Craigellachie, Telford Bridge

Road Bridge

Site Name Craigellachie, Telford Bridge

Classification Road Bridge

Alternative Name(s) Craigellachie Bridge; Craigellachie Pot; River Spey; Old Bridge

Canmore ID 16336

Site Number NJ24NE 15

NGR NJ 28532 45194

Datum OSGB36 - NGR

Ordnance Survey licence number 100020548. All rights reserved.

  • Council Moray
  • Parish Knockando
  • Former Region Grampian
  • Former District Moray
  • Former County Morayshire

Treasured Places - HLF funded

Built between 1812-15, the Craigellachie Bridge spans the River Spey and was designed by engineer Thomas Telford. It is the oldest surviving cast-iron bridge in Scotland and is considered one of the finest of its type in Britain. Castellated stone abutments support four ribs that form the single arch of the bridge, above which the roadway is carried by latticed girders.

Information from RCAHMS (SC) 6 August 2007


NJ24NE 15 28531 45199

Telford Bridge [NAT]

OS 1:10,000 map, 1976.

Telford Bridge [NAT]

OS (GIS) AIB, April 2006.

For successor bridge (adjacent to E), see NJ24NE 26.


Architect: Thomas Telford, 1815.

(Undated) information in NMRS.

(Location cited as NJ 285 452). Craigellachie Bridge. This bridge was built in 1812-15 by engineer Thomas Telford and is one of the finest cast-iron bridges in Britain. A single 150ft (45.7m) arched span, with 4 ribs, is supported by rustic ashlar abutments, with castellated terminals and rubble wing walls. One of the terminals (on the Banff side) has 2 cast-iron plaques with the legends 'CAST AT PLAS KYNASTON RUABON DENBEIGHSHIRE' and '1814'.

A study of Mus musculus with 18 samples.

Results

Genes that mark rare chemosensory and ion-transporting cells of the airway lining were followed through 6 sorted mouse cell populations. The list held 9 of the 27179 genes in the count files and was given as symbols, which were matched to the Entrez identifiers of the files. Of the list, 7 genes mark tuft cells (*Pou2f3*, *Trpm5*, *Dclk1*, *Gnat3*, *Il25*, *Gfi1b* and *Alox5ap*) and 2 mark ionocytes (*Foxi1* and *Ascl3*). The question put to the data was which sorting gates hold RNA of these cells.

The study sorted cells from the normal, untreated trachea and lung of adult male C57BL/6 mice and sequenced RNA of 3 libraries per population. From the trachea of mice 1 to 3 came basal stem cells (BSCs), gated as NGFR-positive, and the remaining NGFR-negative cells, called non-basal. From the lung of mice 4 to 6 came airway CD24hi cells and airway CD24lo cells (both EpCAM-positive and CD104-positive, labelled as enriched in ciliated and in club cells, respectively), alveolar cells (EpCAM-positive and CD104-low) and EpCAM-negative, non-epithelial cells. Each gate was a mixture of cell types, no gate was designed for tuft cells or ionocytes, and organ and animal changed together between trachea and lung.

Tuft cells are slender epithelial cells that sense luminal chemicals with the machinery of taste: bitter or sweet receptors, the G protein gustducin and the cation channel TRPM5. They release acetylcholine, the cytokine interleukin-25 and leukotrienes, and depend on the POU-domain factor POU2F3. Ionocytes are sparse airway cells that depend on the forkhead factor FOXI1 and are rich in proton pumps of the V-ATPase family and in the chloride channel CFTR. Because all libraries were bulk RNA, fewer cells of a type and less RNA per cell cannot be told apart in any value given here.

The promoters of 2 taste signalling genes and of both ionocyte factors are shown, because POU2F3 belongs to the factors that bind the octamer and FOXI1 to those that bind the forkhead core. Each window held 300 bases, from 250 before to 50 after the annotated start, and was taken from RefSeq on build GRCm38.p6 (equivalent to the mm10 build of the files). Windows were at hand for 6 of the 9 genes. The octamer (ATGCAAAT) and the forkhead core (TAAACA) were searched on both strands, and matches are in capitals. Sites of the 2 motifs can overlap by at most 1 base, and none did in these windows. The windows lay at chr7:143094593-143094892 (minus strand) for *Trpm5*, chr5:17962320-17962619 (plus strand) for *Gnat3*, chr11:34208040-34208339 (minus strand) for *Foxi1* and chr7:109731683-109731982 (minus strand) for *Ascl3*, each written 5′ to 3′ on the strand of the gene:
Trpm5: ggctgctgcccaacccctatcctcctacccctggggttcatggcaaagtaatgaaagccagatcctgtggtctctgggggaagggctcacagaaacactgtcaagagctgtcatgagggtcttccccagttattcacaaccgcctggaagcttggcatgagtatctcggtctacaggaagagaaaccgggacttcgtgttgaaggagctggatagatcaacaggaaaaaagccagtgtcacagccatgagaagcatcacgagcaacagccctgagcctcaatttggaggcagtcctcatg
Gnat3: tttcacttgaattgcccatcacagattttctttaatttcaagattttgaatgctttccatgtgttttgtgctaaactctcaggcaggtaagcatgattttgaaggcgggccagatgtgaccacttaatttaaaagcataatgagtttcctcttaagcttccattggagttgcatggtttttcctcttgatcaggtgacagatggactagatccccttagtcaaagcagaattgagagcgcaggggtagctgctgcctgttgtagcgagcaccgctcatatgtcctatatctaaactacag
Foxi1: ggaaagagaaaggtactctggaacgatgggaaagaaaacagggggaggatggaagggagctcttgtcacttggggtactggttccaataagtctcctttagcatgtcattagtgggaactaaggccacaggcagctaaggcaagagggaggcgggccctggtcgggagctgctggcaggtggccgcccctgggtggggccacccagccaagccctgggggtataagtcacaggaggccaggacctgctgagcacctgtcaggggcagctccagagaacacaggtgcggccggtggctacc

J R Hume 1977.

This bridge is the oldest surviving iron bridge in Scotland. It cost 8,200 pounds sterling, which was 200 pounds sterling more than the estimate, and the money was found by the Parliamentary Commissioners and by local subscribers. It was restored in 1964 by Banff, Moray and Nairn County Councils, and by-passed in 1972.

The ironwork was cast at Plas Kynaston by William 'Merlin' Hazledine, Telford's normal ironmaster. It was erected by William Stuttle, Telford's foreman, and the stonework was by John Simpson, mason, of Shrewsbury.

The bridge is situated to take advantage the constriction formed by an outcrop of hard Moinian gneiss. Telford allowed for floods by placing the bridge on abutments 12'(3.7m) above normal water level; it withstood the flood of 1829, when the Spey here rose 15' 6" (4.7m), although the flood arches were washed away.

The four ribs are mounted 15' (4.6m) apart and they make an arc of smaller radius than the roadway, which partly accounts for the lightness of the bridge. The spandrels are formed of diamond lattice which also contributes to the delicacy of the design. The castellated rustic ashlar towers that decorate the abutments are 50' (15.2m) high and hollow with false arrow slits; they are perhaps rather heavy.

G Nelson 1990

This bridge formerly carried the A941 public road over the River Spey between the parishes of Knockando (to the N) and Aberlour (to the S), within the pre-1975 counties of Morayshire and Banffshire respectively. Both these parishes fall within the post-1975 Moray District of Grampian Region.

Information from RCAHMS (RJCM), 7 December 1995.

The location assigned to this record defines the apparent midpoint of the span. The available map evidence suggests that it extends from NJ c. 28523 45224 to NJ c. 28542 45164.

Information from RCAHMS (RJCM), 7 April 2006.